The key part of taking care of a patient injured in an accident is getting them to a medical facility within the “golden hour,” when a patient has the best chance for survival.
But transferring them to just any medical facility may not be enough to save that patient’s life.
“If we can get patients moved to the right hospital where they can do a good job of resuscitating the patient, they’ll do better and have a higher chance of surviving,” said Jim Craig, the state emergency medical services director.
In order to get those patients to the right hospitals, the Mississippi Trauma Care System must be fully established and the entire plan then submitted to the federal government for approval. For now, only transfer agreements have been set up between hospitals to make transfers from one hospital to another easier with less time involved.
Craig is hoping that the State Department of Health will have all the regional plans in by October, and that 30 to 60 days from that time the state’s plan will be finalized. Plans are set to deliver the package to the federal government by January.
“We’re hoping it’s fairly expedient,” he said of the process.
Before the Trauma Care System began, there were no transfer agreements between hospitals.
In the 1998 legislative session, Mississippi lawmakers passed HB 966 to authorize the State Department of Health to develop the Mississippi Trauma Care System. Legislators in that same year also established the Trauma Care Trust Fund using additional traffic violations fines that were expected to raise about $2 million annually. Legislation also established the Mississippi Trauma Advisory Committee (MTAC) by expanding the EMS Advisory Council with trauma professionals.
The 1999 legislative session led to the addition of $6 million to the Trauma Care Trust Fund, making the total about $8 million per year. Legislators authorized annual funding for regional support and indigent trauma care as defined by the Trauma Registry through regional contracts with the Department of Health.
“The money helps offset losses some hospitals would have regarding uncompensated care for trauma,” Craig said.
The seven trauma care regions developed include Central, Coastal, Delta, East Central, North, Southeast and Southwest Trauma Care Systems.
By 2000, the first hospitals received Level I and Level II trauma center designations. Level I offers the highest level of trauma care in the state; Level II offers services similar to Level I, but also includes a residency program and a research component. Level III hospitals offer stabilization to trauma patients so that they may then be transferred to a Level I or Level II hospital if need be; whichever is closest. Level IV hospitals are more rural hospitals that do not have the surgeons or the capabilities to handle trauma care patients.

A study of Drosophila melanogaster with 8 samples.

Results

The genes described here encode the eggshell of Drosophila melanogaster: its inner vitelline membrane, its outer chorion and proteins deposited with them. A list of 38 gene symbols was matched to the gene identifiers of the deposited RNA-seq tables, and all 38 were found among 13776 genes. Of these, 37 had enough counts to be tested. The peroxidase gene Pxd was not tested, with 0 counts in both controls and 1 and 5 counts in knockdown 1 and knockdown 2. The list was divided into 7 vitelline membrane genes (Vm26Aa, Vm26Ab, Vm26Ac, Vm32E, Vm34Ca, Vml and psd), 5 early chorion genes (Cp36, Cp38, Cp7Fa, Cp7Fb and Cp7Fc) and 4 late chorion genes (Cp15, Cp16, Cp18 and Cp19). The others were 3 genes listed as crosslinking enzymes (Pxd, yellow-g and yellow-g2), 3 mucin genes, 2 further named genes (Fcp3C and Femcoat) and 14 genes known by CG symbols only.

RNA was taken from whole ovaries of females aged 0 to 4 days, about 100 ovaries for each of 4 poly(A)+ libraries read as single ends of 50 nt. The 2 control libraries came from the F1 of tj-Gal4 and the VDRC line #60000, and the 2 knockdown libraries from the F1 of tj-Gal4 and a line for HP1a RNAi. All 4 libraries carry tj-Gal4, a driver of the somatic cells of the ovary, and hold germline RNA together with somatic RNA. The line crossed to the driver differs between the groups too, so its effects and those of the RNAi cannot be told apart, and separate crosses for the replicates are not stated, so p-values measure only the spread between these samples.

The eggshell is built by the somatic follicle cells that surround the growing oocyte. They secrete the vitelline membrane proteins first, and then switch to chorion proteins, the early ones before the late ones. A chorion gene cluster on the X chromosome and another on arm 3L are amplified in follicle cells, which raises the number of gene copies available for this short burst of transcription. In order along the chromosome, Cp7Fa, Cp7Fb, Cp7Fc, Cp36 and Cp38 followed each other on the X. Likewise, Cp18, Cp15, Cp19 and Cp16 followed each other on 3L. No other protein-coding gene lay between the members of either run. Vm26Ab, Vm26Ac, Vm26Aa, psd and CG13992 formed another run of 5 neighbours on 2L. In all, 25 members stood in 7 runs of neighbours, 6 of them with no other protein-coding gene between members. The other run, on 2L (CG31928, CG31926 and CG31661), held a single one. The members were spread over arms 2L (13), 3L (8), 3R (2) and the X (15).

“By having transfer agreements made up before the patient gets there it’s just a matter of making a phone call,” Craig said. “That significantly reduces the amount of time it takes to move a patient from one place to another. As the system matures, the three hospital ambulance services will be given some triage services and they can make some determination to get the patient to the hospital the patient needs to be taken.
“Once the state has the regional and state plans approved by the government, it replaces that (federal plan).”
The federal plan requires that ambulances take trauma patients to the closest hospital, which may not always be the best choice for the patient. But the state plan, when approved by the federal government, will overrule the federal government’s plan.
“That’s where you’re going to see the biggest benefit, when you can get patients moved much faster,” Craig said.
Currently, the seven trauma care regions in the state are putting the finishing touches on their plans. Once finished they will be sent to the Center for Medicare and Medicaid, where officials there will sign the documents so that Mississippi patients can use the state’s plan, not the Emergency Medical Treatment and Active Labor Act, the federal law.
“If the state has a better plan for their constituency they must have that plan formalized, agreed upon by stakeholders and submitted to the federal government,” Craig said. “So we’re just exercising that provision in the Act.”
Dr. Ed Thompson, state health officer of Mississippi, said although not all the hospitals in the state are participating in the system, all that were expected to be participants already are.
In fact, according to Craig, 87% of all hospitals in the state are involved with the system.
“I have traveled to a couple of meetings around the country and some are amazed we’ve been able to mature a system as fast as we have, but we still have a lot of work to do,” Craig said.
Equally important to providing care, Thompson said, is the collection of data.
“We’re collecting data to allow us to get a better sense of what kinds of trauma we’re seeing and what can be done to prevent that kind of trauma. With a registry we’ll know more about nonfatal trauma. This will allow us to look at trauma on a much broader scale with an eye toward preventing it.”
Contact MBJ staff writer Elizabeth Kirkland at firstname.lastname@example.org or (601) 364-1042.